At an international summit held in Washington on Thursday, Dec. 3, it was dubbed “irresponsible” to proceed with human gene editing until issues in safety and efficacy are addressed. But what risks does the gene editing technology actually entail?
Gene editing biotechnology known as CRISPR-Cas9 lets scientists alter genes in animals and plants rapidly and in a relatively affordable way. Obtained from a bacterial protein and developed in the last four years, it banks on how bacteria defend against viruses.
This technology works as a kind of molecular scissors able to selectively trim off undesirable genome parts and replace it with new DNA stretches. Its advocates herald its ability to help speed up the prevention of genetic diseases, while critics worry about the unknown, unintended consequences on future generations.
What makes some experts worry about CRISPR, a much-heralded technique to create “designer babies” and enhance the offspring’s intelligence level or athletic ability?
The answer lies in using any gene therapy itself, said Dr. Mitchell Weiss, hematology department chair at St. Jude Children’s Research Center.
"You mess around with the genome, and are you going to shut off something important or turn on something bad?" Dr. Weiss said.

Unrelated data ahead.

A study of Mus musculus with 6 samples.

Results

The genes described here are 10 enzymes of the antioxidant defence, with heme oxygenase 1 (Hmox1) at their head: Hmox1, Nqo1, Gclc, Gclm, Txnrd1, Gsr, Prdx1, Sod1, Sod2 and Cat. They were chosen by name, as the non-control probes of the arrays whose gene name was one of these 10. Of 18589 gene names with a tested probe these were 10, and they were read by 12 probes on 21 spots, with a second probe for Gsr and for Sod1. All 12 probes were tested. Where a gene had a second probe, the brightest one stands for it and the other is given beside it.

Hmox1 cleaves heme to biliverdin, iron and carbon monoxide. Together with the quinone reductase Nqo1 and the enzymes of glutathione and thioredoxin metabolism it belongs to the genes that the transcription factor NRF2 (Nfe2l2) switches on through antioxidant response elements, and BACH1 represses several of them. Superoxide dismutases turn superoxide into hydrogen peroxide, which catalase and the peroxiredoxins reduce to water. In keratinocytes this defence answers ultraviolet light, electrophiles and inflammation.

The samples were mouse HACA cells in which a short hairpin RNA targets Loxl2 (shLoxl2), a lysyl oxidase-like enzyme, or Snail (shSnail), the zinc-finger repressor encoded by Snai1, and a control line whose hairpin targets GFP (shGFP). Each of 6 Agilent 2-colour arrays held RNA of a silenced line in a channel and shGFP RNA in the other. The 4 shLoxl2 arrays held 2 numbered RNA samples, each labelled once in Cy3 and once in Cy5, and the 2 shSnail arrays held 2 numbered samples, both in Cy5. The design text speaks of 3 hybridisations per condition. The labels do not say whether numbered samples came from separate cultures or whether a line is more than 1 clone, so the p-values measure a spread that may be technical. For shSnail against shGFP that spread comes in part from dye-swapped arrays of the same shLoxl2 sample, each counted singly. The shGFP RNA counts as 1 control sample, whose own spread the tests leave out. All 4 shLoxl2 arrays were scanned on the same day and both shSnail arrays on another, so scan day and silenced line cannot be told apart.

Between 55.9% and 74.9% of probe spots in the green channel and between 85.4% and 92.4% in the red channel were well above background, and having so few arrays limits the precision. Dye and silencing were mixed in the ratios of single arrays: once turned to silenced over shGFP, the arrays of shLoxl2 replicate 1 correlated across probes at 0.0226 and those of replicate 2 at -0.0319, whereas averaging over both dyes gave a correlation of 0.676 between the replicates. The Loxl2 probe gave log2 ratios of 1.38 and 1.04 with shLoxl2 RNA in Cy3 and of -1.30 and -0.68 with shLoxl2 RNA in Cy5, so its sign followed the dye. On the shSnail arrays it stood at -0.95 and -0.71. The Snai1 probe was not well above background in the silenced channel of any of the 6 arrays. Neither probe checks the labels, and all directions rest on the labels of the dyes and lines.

Previous investigational gene therapy were found to have led to cancer in patients. Law and bioethics professor Pilar Ossorio from University of Wisconsin-Madison said that of the various kinds of risks, the “major” one that gets people concerned are “off-target” consequences.
Once a CRISPR gene editing tool, for instance, is put inside a human body, it can travel everywhere and potentially invade non-targeted cells. It will become important to know how to apply the biotechnology only to the cells and tissues that scientists intend to hit, without affecting and damaging the rest.
Ossorio added, however, that more risk may be acceptable for patients with far more serious conditions, and who may have seen existing therapies fail or have no other option.
Some sectors also raised potential abuse and ethical issues, where Ossorio cited that tradition risk-and-benefit assessment applies and help in calculating the effects of new kinds of tools and therapies such as CRISPR.
For Kyle Orwig from the School of Medicine of the University of Pittsburgh, his ethical concerns are centered on medical need, as well as safety and efficacy.
“If you haven't proven safety and efficacy in animal models, you shouldn't proceed to clinical trials. And if you have, you should,” he argued, adding that trials should not bigger than necessary in order to avoid exposing more people to any likely risks.